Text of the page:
The visible poorApril 26, 2009 at 8:06 pm | Posted in British Politics, Media, Working Class Britain | 11 Comments
It’s the first summer of a shiny new century and you’re stuck scrubbing floors. You work the graveyard shift in a town centre McDonalds and spend each slow-moving hour sweeping, wiping & rinsing. Alone among a swathe of swaggering drunks, you stop only to ask them to stub out their cigarettes; to take their feet off the formica furniture; to grovel apologies about being unable to offer refunds when they drop food on your freshly-mopped floor.
Towards the end of all this light entertainment, a disheveled-looking couple stagger through the door and head straight for the disabled toilet. Because you’ve abandoned all hope of stopping non-customers from using your loo, you leave them be and go to empty another bin. About 15 minutes later and it’s time for you to clean the toilets. Still engaged; you step back onto the restaurant floor and loiter by the door. Eventually there’s movement; the woman exits first – adjusting her denim skirt & straightening her hair – followed by her frowning companion. He peers down his jeans, zips up his flies and shouts across the crowded restaurant: “Fuckin’ hell bitch, you’ve given me herpes!” You go into the toilet and stick the used condom in the bin.
By sharing this story, I’ve just indulged in a stereotype which is as old as class itself. It’s a portrait of the working class as moral degenerates: crass, boorish, feckless and shorn of the same standards of morality which are shared by respectable England. They claim benefits as their birthright and spend what they do not earn; they fight and steal and drink; they create kids the rest of us have to feed and proceed to fuck them up just as badly as they were fucked up by their own parents. They are the underclass, the lumpenproletariat or, as Orwell Prize Winner Jack Night describes them, the ‘evil poor’.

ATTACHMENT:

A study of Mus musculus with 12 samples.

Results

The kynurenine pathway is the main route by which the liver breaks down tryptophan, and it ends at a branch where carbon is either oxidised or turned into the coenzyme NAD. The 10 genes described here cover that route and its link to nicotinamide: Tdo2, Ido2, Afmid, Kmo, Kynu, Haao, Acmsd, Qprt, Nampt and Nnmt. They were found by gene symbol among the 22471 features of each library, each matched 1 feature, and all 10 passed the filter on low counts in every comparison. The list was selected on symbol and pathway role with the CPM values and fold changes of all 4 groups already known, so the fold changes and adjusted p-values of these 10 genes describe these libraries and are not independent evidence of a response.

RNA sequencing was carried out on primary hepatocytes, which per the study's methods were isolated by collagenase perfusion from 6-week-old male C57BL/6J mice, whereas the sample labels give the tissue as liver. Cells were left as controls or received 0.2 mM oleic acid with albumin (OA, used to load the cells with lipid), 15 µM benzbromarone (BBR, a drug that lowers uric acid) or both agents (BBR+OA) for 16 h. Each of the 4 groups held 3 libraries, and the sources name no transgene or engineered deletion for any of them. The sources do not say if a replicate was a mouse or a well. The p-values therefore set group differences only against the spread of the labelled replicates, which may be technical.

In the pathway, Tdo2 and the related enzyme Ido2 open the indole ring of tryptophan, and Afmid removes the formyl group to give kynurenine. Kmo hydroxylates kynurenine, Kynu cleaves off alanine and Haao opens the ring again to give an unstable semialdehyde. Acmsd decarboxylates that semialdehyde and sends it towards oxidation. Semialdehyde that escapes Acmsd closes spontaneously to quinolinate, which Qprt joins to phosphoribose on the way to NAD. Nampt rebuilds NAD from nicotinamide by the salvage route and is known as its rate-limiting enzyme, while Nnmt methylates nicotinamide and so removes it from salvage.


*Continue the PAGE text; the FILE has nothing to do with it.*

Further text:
In politics, the naming of things is always a sensitive topic and Laurie Penny took great offense when she saw such a grim adjective used to describe some of society’s most disenfranchised. A couple of brief – but important – points need to be made in the writer’s defense: in the offending post, he was referring only to a subset of the poor, and it’s important to recognise that the people he describes are real and their behaviour creates problems for the normal, law-abiding majority. But one thing which came to mind when reading Laurie’s piece was the unsettling suspicion that the people Jack writes about are more accurately described not as the ‘evil poor’, but as the ‘visible poor’.
Last year, I noted the Rowntree Foundation’s report that domestic poverty is a very low priority for the British media. Its news value is pitifully low, real life depictions/descriptions of poverty are practically non-existent and on those rare occasions when it is covered by the media, it’ll often be in connection with a story about crime. As a consequence, the poor are often represented by a motley crew of crooks and thugs standing trial for violence, drug dealing, theft, anti-social behaviour, or hiding a little girl under a divan bed. They are, of course, a minority, but their actions so dominate the reporting on deprived communities that the only time someone in the law-abiding majority will meet the press is to be asked about the people committing crimes. As we saw in the case of Shannon Matthews and the subsequent shaming of Dewsbury Moor, this practice can bring whole towns into disrepute and cast suspicion on those who live there.
The broader political consequence of this is that it leads the conversation in a frustratingly right-wing direction. Because the discourse around deprivation often obsesses on the behaviour of the poor rather than the structural explanations for poverty, this gives greater authority to those on the right who argue that a reliance on the welfare state is the cause of our social ills. And so solutions are put forward to cut benefits and make those kinds of reforms currently being proposed by this Labour government, because that will give them the ‘responsibility’ they’re so sadly lacking. In the end, it’s all a recipe for bad policy.
It wasn’t Jack Night’s intention to cast all poor people alongside the boorish, thuggish minority he described. But because of the way it reports on impoverished areas and the fact they’re so often represented by thugs and thieves, our media isn’t quite so guiltless.